There is a nice article about the meeting at the Wayland (MA) Town Crier site here. The article describes Edmund rice's life in some detail - read the whole thing.
The group of 50 descendants who attended had a great time - they visited:
A Rice home that is still standing as well as the foundations of three more visible in the woods - all, as fate would have it, on Rice Road.
Ponds on Rice Road that were built by the family, which dammed up Snake Brook, the small stream that runs through the area.
The Edmund Rice homestead built by the "Never-Ending Spring" on Old Connecticut Path and the plaque marking this site.
The Unitarian Church in Wayland Center, where the current affiliate minister, Rev. Debra Pope-Lane, is an Edmund Rice descendant. Rice was the first senior deacon of this church.
A marker erected by the ERA in memory of Rice in the North Cemetery. He is believed to have been buried in this graveyard, but the exact location hasn't yet been determined.
The Nathaniel Rice home on River Road.
The former home of Harry Rice on Water Row. Harry had a personal aircraft landing field on his property. He was also the Sudbury dog officer and is credited with helping establish the Buddy Dog Humane Society and its shelter, which is presently located on Route 20 at the Wayland-Sudbury line.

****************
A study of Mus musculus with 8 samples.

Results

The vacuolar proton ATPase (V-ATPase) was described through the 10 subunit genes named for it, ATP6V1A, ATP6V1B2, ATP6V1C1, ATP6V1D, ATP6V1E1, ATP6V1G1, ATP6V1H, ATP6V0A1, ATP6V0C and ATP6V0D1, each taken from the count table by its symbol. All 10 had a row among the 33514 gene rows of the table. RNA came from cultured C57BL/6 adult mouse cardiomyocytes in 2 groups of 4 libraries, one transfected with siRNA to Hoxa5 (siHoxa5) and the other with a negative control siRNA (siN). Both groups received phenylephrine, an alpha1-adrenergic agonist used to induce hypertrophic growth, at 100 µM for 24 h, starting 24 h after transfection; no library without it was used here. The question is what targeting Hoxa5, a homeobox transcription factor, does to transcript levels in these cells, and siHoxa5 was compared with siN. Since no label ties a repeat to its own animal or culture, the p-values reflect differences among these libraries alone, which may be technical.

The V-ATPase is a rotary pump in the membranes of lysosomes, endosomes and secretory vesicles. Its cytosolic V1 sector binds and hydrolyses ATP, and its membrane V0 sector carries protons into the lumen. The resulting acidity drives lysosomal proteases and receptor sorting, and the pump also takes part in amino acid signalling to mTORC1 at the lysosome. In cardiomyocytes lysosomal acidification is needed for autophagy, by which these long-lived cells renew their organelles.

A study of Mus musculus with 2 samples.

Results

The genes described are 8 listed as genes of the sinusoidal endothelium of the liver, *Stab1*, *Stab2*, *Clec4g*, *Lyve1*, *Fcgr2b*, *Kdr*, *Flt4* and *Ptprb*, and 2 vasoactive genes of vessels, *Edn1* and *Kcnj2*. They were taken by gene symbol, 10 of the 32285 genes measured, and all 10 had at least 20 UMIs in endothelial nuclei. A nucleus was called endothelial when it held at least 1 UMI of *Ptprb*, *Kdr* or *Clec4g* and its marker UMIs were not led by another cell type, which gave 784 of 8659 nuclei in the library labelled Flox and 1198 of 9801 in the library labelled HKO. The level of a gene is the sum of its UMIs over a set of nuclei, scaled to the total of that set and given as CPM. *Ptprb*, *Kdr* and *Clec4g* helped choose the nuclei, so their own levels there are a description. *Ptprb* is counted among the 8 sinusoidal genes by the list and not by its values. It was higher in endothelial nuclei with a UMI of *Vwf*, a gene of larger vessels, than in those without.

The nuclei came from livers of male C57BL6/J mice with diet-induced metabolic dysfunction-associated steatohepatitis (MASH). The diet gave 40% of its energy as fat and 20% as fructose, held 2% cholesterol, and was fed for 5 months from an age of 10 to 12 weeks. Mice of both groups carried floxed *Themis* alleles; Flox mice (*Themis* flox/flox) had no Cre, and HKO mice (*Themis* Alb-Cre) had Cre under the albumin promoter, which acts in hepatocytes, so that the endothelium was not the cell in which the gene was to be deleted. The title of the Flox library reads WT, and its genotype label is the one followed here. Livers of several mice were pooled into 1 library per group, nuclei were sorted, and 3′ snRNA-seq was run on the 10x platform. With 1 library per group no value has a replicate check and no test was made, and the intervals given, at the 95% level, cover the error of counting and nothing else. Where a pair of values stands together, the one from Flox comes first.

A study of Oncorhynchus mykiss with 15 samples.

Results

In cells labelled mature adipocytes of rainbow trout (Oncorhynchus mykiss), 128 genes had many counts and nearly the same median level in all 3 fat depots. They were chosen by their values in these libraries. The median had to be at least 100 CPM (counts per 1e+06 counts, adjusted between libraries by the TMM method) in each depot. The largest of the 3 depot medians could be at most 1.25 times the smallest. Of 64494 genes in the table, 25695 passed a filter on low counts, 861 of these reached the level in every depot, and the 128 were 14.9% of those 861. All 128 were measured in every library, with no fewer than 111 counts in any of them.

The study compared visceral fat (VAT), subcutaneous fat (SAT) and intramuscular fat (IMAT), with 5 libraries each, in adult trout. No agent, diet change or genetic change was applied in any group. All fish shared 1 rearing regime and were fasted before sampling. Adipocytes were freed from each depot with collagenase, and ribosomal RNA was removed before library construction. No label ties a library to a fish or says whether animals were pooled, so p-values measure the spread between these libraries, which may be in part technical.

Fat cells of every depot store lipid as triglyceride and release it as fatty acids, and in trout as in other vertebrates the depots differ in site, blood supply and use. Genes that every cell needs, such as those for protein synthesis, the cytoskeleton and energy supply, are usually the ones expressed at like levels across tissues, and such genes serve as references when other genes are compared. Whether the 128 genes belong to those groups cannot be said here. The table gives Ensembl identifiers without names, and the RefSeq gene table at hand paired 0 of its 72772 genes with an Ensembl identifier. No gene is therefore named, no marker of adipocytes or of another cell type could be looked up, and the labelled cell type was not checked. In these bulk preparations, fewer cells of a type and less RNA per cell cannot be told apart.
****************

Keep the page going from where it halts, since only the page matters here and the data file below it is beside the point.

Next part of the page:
The remains of the Rice Tavern, which is said to pre-date the Wayside Inn and was a muster site during the War of 1812, in what is now Maynard.
The Revolutionary War Cemetery in Sudbury, where several Rices were buried, and which is the location of the first town pound, built at a cost of $20. This is a walled and fence dip in the land with a door that only swings inward so that the animals couldn't force it open.
Whew - it sounds like they had a lot of fun. I wish I had been there. This is not far from the homesteads of my Joseph Seaver and Isaac Read families in Sudbury, which were on Nobscot Hill and in Lanham, respectively.
Anybody reading this that is a descendant of Edmund Rice?